SIOUX FALLS, S.D. (KELO) — Early in April 2023, the Sioux Falls Great Plains Zoo (GPZ) announced the death of one of their animals, an Arctic Fox named Rehn, who was humanely euthanized following a losing battle with kidney disease.
While the passing of Rehn is tragic, it did prompt an interesting (if somewhat morbid) question; What happens to zoo animals when they die?
An ask around on the subject prompted plenty of theories, ranging from cremation to, scientific study, to taxidermy, but to find out the real answer, we reached out to GPZ President and CEO Becky Dewitz, who agreed to sit down and discuss the topic.
While there was a specific answer Dewitz was able to give to the question of what happens to the animals, she emphasized that this was just one part of what she called a whole-life care process.
The GPZ is an accredited zoo through the Association of Zoos and Aquariums (AZA). “It is the highest standard as it applies to animal welfare and wellbeing of any of the accrediting agencies in the zoo and aquarium business,” Dewitz said.
There are a lot of standards that must be met in the accreditation process, Dewitz explained. One standard that Dewitz said she was happy to champion was the Animal Wellbeing Assessment Process.
“As an accredited zoo, we are required to have an internal process that measures the animal’s welfare on a state of good to bad on a continuum of life,” said Dewitz. This process allows for a larger scale overview of an animals health, rather than just individual snapshots of how it’s doing on an individual day.
Another part of this whole-life care process is the use of operant training, a method of behavioral psychology through which animals are trained using positive reinforcement to reward good behaviors.
Dewitz says that training helps build bonds between keepers and animals, allowing staff to vaccinate animals such as tigers, or even check their teeth, without having to sedate them.
Most zoo animals these days are born in captivity, Dewitz says, the result of dedicated breeding programs rather than capturing them in the wild. “That may have been something that occurred quite a long time ago,” she said, “but it is not a practice that occurs today.”
These managed breeding programs allows zoos to operate as what Dewitz called “a living arc.” The programs take into account the genetics of individual animals to make sure that good genetics are maintained in offspring in order to best supply reintroduction and conservation programs from endangered and at-risk species.
Dewitz said that generally speaking, zoo animals tend to live about twice as long as their counterparts in the wild, with the most common causes of death being conditions brought on by old age. “We give them great food, they have good veterinarian care — there are no predators for them to be predated on in the zoo — also not the illegal wildlife and poaching activities that are effecting wild populations,” she said.
When the quality of life for an animal falls below a certain threshold, the choice is made to humanely euthanize them, a process through which euthanasia chemicals are used to end the animals live once they have been sedated.
After an animal dies, a necropsy is done to determine a specific cause of death to list beyond simply euthanasia, and the results are added to the animal’s permanent file.
Once this testing is completed, the remains of the animal are cremated.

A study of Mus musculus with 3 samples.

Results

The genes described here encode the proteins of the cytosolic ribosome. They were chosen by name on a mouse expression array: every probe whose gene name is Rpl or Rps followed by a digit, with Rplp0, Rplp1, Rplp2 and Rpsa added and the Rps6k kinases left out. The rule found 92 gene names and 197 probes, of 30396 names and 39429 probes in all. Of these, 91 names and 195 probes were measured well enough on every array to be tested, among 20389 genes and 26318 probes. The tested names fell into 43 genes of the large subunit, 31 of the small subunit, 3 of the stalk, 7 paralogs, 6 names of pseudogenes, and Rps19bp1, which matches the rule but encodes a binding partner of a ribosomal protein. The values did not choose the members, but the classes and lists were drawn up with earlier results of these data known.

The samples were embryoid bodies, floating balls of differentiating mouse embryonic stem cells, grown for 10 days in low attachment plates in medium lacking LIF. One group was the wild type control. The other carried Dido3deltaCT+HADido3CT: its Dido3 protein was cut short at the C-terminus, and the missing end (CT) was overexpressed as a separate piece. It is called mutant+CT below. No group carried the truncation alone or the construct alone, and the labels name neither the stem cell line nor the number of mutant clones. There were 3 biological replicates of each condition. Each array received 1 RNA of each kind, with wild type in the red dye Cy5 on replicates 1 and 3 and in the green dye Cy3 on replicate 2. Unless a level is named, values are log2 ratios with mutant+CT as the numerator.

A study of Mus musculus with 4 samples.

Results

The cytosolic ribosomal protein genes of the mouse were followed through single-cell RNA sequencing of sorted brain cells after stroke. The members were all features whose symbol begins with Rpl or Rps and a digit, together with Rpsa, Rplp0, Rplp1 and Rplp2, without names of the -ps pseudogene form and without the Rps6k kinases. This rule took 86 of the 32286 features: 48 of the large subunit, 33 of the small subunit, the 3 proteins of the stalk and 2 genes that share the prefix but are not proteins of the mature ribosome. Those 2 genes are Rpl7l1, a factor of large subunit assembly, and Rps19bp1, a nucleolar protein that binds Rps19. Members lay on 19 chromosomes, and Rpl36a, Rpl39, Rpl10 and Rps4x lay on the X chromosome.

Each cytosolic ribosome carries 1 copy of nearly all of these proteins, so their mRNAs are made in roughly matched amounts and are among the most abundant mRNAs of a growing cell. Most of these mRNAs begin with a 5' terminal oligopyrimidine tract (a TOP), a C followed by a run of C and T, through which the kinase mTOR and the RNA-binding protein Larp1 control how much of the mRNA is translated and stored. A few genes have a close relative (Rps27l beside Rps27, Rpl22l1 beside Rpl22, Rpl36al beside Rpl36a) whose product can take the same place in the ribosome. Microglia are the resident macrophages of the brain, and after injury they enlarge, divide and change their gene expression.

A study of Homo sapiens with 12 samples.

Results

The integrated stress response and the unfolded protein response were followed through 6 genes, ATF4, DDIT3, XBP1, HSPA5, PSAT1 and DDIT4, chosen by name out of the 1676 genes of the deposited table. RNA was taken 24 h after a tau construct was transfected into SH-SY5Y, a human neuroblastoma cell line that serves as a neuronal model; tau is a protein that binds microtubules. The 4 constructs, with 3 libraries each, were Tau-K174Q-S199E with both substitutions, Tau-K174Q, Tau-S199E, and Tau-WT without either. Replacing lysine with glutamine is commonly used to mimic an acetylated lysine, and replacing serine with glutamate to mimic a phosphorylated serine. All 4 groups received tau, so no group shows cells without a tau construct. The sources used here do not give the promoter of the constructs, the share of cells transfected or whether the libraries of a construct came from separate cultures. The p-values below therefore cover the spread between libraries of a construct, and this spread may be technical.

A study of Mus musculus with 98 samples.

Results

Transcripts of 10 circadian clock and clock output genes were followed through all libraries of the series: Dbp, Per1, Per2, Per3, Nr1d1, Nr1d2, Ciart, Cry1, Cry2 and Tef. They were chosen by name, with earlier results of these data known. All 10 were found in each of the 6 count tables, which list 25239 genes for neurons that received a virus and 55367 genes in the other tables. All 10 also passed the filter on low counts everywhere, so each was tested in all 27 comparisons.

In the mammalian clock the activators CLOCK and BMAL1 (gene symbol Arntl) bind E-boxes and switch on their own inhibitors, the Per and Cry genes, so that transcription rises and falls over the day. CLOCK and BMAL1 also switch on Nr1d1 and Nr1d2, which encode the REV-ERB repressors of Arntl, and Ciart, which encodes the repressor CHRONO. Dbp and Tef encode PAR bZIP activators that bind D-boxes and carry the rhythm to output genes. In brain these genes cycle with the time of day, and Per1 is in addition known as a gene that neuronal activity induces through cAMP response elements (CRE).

Cremation is the chosen method for a very specific reason in the zoological industry. “We have a lot of protected species we take care of,” Dewitz explained. “We would not want anybody to have access to any animal parts of a protected animal that could be problematic.”
Dewitz mentions tigers as a specific example of a species for which this type of action is needed. “Even its claws and fur and whiskers are considered protected, so it’s our obligation to make sure that those animal remains do not go into hands where they shouldn’t.”
This requirement, while it is part of the accreditation process, actually goes back to the U.S. Fish and Wildlife Endangered Species and Animal Welfare Acts.
Due to this need to protect the remains of animals, there is a good deal of secrecy in the actual process through which the remains of animals are disposed, which includes the actual facilities in which they are cremated, should that process have to happen outside the confines of the zoo.
Dewitz noted that some zoos may choose to bury some animals rather than cremate them, but “they probably have very secret locations where they’re buried.”
Even the way in which the cremated remains of an animal are interred is kept closely guarded. “It’s just disposed,” Dewitz said quietly.
But what about the idea of taxidermy? “Some zoos might do taxidermy,” Dewitz said. “I would say it’s more uncommon, but if there is some type of educational value in the remains, they may want to consider that. I’ve seen some zoos do skeletal mounts, which is really great for scientific studies at university levels.”
Dignity is something that zoos such as the GPZ seek to maintain for their animals, both in life and after death. The staff at the zoo grow connected to these creatures, so much so that Dewitz told us the zoo has actually offered grief counseling for employees after particularly difficult deaths.
It is not just the with whom the lives and death of these animals resonate. “That is purposeful,” Dewitz said. “We want people to be able to know these animals, know their names, know their personalities.”
This has been a success, as Dewitz told showed us a handmade letter sent to the zookeepers and veterinary staff after the passing of Rehn earlier in April from a young girl..
“She was from Tacoma, Washington,” Dewitz said of the girl, “so you never know how far our animal fans may live — it was the sweetest letter.”